Newport Independent Schools celebrated an improvement to its dropout rate and Superintendent Kelly Middleton noted that the district exceeded its goal based on a statwide pledge it signed in 2011.

In signing the pledge, Newport promised to improve its college & career readiness rate by 50 percent by 2015. Its goal was to have 61 of its graduates be college and career ready by last year. The district ended up with 68 graduates meeting the necessary standards as measured by the Unbridled Learning Accountability model.

"Newport Independent has strived to be an example and a pioneer of education excellence," Middle said at this week's meeting of the Newport Board of Education. "We are ecstatic that our efforts have been noticed and recognized by the Commonwealth's Education Board."

All of the 169 schools across the state that signed the pledge, called the Commonwealth Commitment to College and Career Readiness, had a unique goal designed for them based on how many students and how far the numbers had to increase. In 2010 only 34 percent of the high school students in Kentucky were considered ready to go to college or to start a career. The rate increased to 66.8 percent last year, thanks to the varied strategies devised in the districts to help students meet criteria necessary for graduation and a subsequent successful career.

"As a result of the commitment being met, at least 15,000 more students statewide graduated in 2015 than did in 2010 ready for post-secondary opportunities," said Education Commissioner Stephen Pruitt. He recognized Newport Independent Schools at the Kentucky School Boards Association conference in Louisville in February.

The board couldn't be prouder.

"This is who we are," said Board President Ramona Malone. "We don't want to stop here. Our kids deserve the best, and our faculty are working hard to make it happen."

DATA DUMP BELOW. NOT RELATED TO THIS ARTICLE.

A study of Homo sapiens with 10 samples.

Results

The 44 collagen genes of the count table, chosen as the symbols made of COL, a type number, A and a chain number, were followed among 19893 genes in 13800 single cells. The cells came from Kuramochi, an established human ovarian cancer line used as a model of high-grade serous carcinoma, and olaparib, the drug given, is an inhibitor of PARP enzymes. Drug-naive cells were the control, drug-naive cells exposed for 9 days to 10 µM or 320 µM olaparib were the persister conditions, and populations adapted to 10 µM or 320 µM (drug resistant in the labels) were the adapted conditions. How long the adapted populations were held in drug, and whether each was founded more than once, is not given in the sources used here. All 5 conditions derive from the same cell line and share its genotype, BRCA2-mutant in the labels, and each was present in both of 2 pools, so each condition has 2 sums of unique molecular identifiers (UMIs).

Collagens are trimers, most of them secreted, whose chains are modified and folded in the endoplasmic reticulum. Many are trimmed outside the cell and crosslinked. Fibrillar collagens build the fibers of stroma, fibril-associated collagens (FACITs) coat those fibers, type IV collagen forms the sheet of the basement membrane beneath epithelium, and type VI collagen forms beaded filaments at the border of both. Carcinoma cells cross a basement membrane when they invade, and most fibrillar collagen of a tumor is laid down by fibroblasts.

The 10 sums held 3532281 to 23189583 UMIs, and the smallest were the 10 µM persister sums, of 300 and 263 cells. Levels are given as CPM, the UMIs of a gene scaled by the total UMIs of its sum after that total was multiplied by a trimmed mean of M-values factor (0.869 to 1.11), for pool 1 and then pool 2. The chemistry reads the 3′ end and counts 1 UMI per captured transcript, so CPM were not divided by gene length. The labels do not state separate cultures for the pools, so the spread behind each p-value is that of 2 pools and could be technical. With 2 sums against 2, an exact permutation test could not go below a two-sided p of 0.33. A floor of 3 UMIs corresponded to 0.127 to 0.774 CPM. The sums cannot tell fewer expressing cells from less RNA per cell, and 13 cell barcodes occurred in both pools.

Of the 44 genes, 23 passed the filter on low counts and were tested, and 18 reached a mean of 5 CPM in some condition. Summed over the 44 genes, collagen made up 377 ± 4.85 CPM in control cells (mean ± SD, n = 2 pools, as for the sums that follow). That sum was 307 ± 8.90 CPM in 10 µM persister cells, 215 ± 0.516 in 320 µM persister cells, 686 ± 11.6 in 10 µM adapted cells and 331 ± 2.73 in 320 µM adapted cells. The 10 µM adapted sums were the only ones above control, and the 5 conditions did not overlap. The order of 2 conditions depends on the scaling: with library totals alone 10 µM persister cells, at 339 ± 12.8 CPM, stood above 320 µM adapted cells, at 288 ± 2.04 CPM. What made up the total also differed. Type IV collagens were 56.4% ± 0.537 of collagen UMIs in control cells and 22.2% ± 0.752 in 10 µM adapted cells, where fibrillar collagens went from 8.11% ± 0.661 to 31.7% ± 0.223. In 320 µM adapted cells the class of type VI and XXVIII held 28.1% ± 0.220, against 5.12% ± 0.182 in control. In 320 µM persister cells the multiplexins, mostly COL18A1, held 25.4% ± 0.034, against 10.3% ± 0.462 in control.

In other business, the board agreed to an amendment to the purchase contract from CRG for the Intermediate School property. Initially there were two bidders and the valuation in lieu of taxes was set at $12 million because the company who was outbid had planned a certain structure. CRG, which won the bid, plans a larger structure, but when they did soil tests the results came back saying the soil had more sand in it, and they would have to do more work, so they wanted a reduction. After consultation, an agreement was arrived at to lower the valuation in lieu of taxes and to spread it out over a longer period.

Other notes:

The board agreed to a service contract with Cincinnati Bell for continuation of services. In a related matter, Kevin McCormick from Tech Support told the board about how the city is trying to get 50 businesses on board to be able to provide free internet for certain areas of the city, and proposed that they try to get the businesses to go a little further, and sponsor other areas of the city for internet in an effort to provide internet to the students who can't afford it.

At the beginning of the meeting, 7-year old Kendall Mayse was recognized as the winner of a district-wide bookmark contest.

Also honored were members of the Future Business Leaders of America regional winners. 

Three senior athletes were recognized for their achievements at the meeting, Kylie Orr, Kedan Davis, and Ethan Snapp, who all are basketball stars in their own right while still achieving very high grade point average.

Written by Patricia A. Scheyer, RCN contributor
Slideshow Images & Captions: 
Kendall Mayse, 7, shows the bookmark she designed that won the district wide bookmark contest.